Sunday, 31 January 2010

Childhood winters

All of the recent snow and ice and terribly low temperatures have made me think back to when I was a child, and the differences (apart from the obvious one of my age) between winters then, and winters now.

Well, of course we always had snow. That was taken for granted. Sometimes we were lucky enough to see snow just before we "broke up" for the Christmas holidays, and we could usually guarantee that there would be snow on the ground for some, if not all, of the 2 weeks we were free from the classroom.

I can remember playing out with my friends in the snow. So cold that my fingers were completely numb, but not wanting to go inside to warm up as I knew full well that my Nan would grab my hands, feel how cold they were, and make me stay inside incase I got (as she told me) "frost bite". And never ever could we put our hands in front of the fire to warm them as she said this would cause "chill blaines" (whatever those were).

My friends and I would play for hours sliding down hills and streets on anything we could use as a makeshift sledge. Large pieces of cardboard; sitting inside bin bags until they were too tattered to use any longer; and once, I committed the mortal sin of "borrowing" a silver plated tray that belonged to my Nan and sliding for hours and hours faster than anyone else.......and then tried to sneak it back into the pantry before she saw the dents and scratches all over it.

Snowball fights were great. Unless of course you played with the bigger kids (especially the boys) who always compacted their snowballs so that when they hit you, instead of breaking open in a cloud of fluffy snow, would hit you on the side of the head like a house brick and leave a lump for days.

And then there was the heating. Nobody had the luxury of central heating back then. I can remember my sister and I snuggled up in our beds under a mountain of feather eiderdowns and blankets, hugging hot water bottles. And waking up to ice on the inside of the bedroom windows (which we always drew faces in). And the smell of the paraffin heater in the kitchen when we got up for breakfast.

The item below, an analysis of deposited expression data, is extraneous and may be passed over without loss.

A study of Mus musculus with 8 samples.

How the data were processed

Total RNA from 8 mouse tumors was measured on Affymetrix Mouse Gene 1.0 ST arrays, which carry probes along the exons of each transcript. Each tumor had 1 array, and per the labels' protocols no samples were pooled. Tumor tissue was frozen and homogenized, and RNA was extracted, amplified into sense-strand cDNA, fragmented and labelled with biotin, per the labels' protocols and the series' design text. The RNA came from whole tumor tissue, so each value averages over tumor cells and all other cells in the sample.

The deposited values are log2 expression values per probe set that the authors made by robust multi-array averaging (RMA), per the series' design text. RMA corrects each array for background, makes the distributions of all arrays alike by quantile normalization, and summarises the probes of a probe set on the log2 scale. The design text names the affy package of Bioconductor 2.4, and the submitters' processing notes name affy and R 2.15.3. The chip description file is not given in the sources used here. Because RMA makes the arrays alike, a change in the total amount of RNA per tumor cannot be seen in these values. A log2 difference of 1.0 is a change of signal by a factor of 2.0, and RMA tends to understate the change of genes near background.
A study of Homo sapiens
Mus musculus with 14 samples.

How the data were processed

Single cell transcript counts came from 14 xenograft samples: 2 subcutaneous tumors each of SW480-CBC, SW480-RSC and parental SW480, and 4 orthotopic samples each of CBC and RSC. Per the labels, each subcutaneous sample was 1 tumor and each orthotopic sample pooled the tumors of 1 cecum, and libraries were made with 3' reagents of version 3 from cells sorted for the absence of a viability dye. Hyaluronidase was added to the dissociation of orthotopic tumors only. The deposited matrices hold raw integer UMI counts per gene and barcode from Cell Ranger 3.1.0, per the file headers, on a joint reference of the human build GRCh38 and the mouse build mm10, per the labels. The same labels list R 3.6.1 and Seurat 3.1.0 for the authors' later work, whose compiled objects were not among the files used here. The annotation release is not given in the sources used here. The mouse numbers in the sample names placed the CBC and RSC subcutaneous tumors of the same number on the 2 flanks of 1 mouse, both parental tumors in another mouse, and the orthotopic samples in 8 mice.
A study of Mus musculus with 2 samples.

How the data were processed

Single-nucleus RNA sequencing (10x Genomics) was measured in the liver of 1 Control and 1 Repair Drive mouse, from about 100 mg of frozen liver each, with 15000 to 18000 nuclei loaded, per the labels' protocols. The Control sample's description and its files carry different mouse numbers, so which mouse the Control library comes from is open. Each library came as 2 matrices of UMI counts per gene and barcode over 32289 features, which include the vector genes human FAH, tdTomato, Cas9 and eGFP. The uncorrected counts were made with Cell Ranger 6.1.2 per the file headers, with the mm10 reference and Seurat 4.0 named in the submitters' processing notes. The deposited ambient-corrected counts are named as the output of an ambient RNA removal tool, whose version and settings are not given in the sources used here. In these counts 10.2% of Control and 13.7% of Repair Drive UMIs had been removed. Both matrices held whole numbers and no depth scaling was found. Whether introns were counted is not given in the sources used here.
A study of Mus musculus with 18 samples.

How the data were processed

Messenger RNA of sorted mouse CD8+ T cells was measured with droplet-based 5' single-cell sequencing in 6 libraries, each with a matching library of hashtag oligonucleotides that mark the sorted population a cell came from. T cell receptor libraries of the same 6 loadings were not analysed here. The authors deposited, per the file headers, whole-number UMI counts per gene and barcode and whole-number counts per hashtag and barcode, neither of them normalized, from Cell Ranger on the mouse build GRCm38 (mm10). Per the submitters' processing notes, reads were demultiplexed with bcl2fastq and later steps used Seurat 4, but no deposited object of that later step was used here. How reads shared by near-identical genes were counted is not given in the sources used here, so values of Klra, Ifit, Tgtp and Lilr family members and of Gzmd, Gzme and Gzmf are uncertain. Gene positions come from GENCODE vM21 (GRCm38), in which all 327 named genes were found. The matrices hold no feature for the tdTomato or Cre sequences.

This winter it made me smile to see all of the little children in the village tearing about on sledges, making snowmen and having snowball fights. Most of them had never seen snow before. And they got 3 extra weeks off school too as the two little village schools were closed because the roads around here were virtually impassable to anything but a 4 x 4.

But most of all, the difference that strikes home more than any other is having my Nan. On those stay-inside-days, she would always find us something to do. She would have us baking scones or cakes, and Angela and I would always fight over who got to lick the spoon with the left over cake mixture on it (oh how Edwina Curry would cry out in horror at two little girls eating anything containing raw egg). Sometimes she would get out the different polishes and let us clean the silver and brass from the display cabinet. She taught us both how to knit and crochet (although my attempts were pathetic and never amounted to anything other than a very very very long 3 stitch wide string).

But story time was the best. She always made time to sit with us on the sofa and tell us a story of her own invention, or read to us from a book. With the heat from the fire, and her lovely voice bringing alive the wonders and magic on the pages she read from, I would soon drift away to sleep and dream of all the wonderful and uncomplicated things that children dream of.